Rebekah McClung, a civics and economics teacher in Virginia, thinks Donald Trump is doing a pretty good job as president. He hasn’t been perfect ― if it was up to her he would tone down the tweeting ― but overall, she rates him a 4 out of 5.
Her satisfaction with the president includes his plans for schools, even though his proposed budget slashes $9 billion from federal education programs. After all, as a conservative, she doesn’t see the point in leaving children with a huge national debt, even if decreasing it comes at the expense of enrichment programs.
“Really we’re just talking about building cultural centers and sending kids on field trips,” said McClung, referring to the defunding of 21st Century Community Learning Centers, which provide after-school and summer programs to more than 1.6 million children. “I don’t know – I don’t necessarily think that’s the responsibility of the federal government.”
McClung’s view stands in contrast with many of the nation’s leading education groups and teachers unions who are decrying the proposed education budget. The American Federation of Teachers said Trump’s proposal “takes a meat cleaver to public education.” The nation’s former secretary of education John King said that the cuts will hurt all students, especially low-income and minority ones. But McClung says that the cuts seem like a necessary evil, even if “cutting a budget sucks, no matter what.”
McClung isn’t alone, even if she might be in the minority of educators. Several other teachers who also voted for Trump told The Huffington Post that they are fine ― if not happy ― with the cost-cutting the president proposed for the U.S. Department of Education. While a few expressed hesitation with his pick for education secretary ― Betsy DeVos ― they said they have faith in the president’s judgment.
The proposed budget slashes funding for a number of education programs ― including ones that provide after-school programming and teacher training ― overall decreasing Education Department spending by over 13 percent. Still, the budget also adds money to charter schools as well as a nebulous school choice program for private institutions. It does not touch funding for special education, something which pleases McClung, who works in a public school.
Her support is not without its caveats. If a private school choice program ― which could come in the form of vouchers ― ends up leading to more “miscommunication and more red tape,” then it’s not something she would support.
“As far as the voucher program is concerned I can’t say I’m for or against it because I really have no idea what they’re talking about,” said McClung, explaining that the details for such a program are still unknown.
Kitty Sullivan has her own concerns about a private school choice program. Sullivan, who taught for 33 years in rural public schools in Florida and Georgia and now works for a university, does not see the point of increasing money for private school choice in rural areas. These areas might have only one public school system or one school for all students.
“I’m afraid they won’t get the same opportunity to go to a private school,” said Sullivan of her former students.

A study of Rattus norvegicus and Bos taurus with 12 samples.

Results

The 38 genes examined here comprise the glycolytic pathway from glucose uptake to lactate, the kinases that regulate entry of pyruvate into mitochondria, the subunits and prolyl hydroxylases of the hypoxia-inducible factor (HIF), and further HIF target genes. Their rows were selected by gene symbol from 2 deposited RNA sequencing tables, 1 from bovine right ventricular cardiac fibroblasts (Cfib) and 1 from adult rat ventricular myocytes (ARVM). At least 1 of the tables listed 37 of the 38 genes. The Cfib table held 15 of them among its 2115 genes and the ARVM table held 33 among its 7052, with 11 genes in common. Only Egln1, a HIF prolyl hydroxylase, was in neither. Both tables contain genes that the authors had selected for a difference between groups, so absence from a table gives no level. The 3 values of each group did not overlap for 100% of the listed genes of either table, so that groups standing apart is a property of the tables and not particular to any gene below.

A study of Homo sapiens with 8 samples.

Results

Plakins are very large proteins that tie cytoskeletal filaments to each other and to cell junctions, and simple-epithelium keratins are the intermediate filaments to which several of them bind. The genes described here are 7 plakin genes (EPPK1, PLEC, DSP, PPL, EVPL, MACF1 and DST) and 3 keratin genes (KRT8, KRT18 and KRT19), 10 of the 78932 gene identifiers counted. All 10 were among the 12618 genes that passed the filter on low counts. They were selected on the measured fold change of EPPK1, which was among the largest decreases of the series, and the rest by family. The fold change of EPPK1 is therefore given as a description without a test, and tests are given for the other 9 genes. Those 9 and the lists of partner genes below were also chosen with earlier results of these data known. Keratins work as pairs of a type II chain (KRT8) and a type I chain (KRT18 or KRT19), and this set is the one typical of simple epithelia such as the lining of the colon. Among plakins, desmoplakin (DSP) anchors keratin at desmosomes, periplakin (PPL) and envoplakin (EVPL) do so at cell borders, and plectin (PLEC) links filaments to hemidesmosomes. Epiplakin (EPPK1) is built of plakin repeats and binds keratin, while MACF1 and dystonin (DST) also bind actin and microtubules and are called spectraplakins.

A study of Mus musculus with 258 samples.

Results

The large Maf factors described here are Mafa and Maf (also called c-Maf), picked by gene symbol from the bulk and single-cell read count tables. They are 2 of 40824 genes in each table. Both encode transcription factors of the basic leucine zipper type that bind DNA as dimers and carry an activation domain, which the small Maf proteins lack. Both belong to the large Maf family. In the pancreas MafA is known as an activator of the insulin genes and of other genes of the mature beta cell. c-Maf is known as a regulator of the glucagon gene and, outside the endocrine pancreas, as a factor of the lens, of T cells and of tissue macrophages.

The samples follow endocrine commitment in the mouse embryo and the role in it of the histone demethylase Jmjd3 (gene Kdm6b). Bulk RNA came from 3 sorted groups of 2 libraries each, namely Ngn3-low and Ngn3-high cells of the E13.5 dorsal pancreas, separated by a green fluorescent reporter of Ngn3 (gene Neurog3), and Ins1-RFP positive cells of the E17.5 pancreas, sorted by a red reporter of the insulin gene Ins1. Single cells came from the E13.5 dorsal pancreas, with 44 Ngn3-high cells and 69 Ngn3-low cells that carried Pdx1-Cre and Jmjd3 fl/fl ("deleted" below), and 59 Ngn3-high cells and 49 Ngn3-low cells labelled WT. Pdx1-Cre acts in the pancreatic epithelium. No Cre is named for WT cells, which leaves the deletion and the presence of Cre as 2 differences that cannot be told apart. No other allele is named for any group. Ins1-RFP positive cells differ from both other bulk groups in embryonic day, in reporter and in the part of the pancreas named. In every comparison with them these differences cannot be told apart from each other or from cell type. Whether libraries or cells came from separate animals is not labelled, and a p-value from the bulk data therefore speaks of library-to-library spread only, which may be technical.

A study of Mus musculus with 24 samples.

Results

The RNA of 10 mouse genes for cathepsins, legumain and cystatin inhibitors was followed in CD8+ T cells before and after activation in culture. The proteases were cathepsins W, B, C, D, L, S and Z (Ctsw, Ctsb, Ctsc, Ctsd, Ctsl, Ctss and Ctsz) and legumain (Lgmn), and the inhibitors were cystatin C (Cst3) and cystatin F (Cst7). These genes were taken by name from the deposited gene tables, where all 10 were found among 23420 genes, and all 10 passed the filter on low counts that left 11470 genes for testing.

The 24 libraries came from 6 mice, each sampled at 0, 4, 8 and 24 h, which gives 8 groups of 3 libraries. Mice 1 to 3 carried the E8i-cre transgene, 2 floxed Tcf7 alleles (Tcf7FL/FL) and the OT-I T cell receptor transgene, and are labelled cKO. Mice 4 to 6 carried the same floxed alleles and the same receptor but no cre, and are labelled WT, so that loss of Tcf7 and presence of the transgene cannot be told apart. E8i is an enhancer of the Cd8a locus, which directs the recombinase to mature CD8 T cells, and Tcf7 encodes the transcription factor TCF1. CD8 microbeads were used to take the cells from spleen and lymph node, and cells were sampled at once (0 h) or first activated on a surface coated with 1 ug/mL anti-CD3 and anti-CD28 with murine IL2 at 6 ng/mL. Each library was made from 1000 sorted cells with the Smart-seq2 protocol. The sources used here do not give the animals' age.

As far as the other budget cuts, Sullivan does not have a problem with an overall decrease in spending, although she is not specifically familiar with the programs Trump would be cutting and how it could impact students. She does have ideas, though, as to how existing money could be reallocated. More money needs to be invested in early childhood education, she said. If the budget cuts will mean any sort of redistribution of funds in this direction, then she’s for it.
Whatever comes out of the Department of Education should not be happening. It’s a state and local issue. Dan, a history teacher who voted for Trump
But none of the priorities in Trump’s budget impact the education issue that Sullivan most wants to see fixed: The Common Core State Standards and standardized testing. Sullivan voted for Trump, in part, because of his promise to rid states of the Common Core. Since taking office, Trump has conspicuously dropped the subject. Sullivan is hopeful that he will follow through.
“If he doesn’t do this I’m going to not be happy,” Sullivan said. “I would say a lot of teachers are not going to be happy … Its gotten to the point where my teacher friends said they spend more time testing than teaching. They’re burned out on it.”
Jeanne, a public school teacher in Ohio who did not want her last name published in an effort to keep politics out of her classroom, is similarly hopeful. Jeanne detests the Common Core and is confident that Trump will get rid of the standards “because he’s a man of his word.”
While Jeanne has not studied the budget, she is supportive of the idea of general cuts. She sees a lot of wasted money in her own school and even some “lazy teachers.” Even though she cares deeply about public schools, she’s optimistic that injecting more competition into the public school system ― by way of more charter schools or voucher programs ― could help solve public school issues.
“I do believe that there will be public schools. We have to educate kids. We have to educate America. This might just be another avenue that would be good,” said Jeanne.
But the views of Jeanne, Sullivan and McClung are nowhere close to that of Dan, a republican history teacher in Michigan. Dan doesn’t care what’s in the budget, because he doesn’t think the federal government should play any role in education.
“It’s a department that constitutionally, shouldn’t exist. Whatever comes out of the department of education should not be happening. It’s a state and local issue,” said Dan, who did not want his last name released for fear of backlash against his views.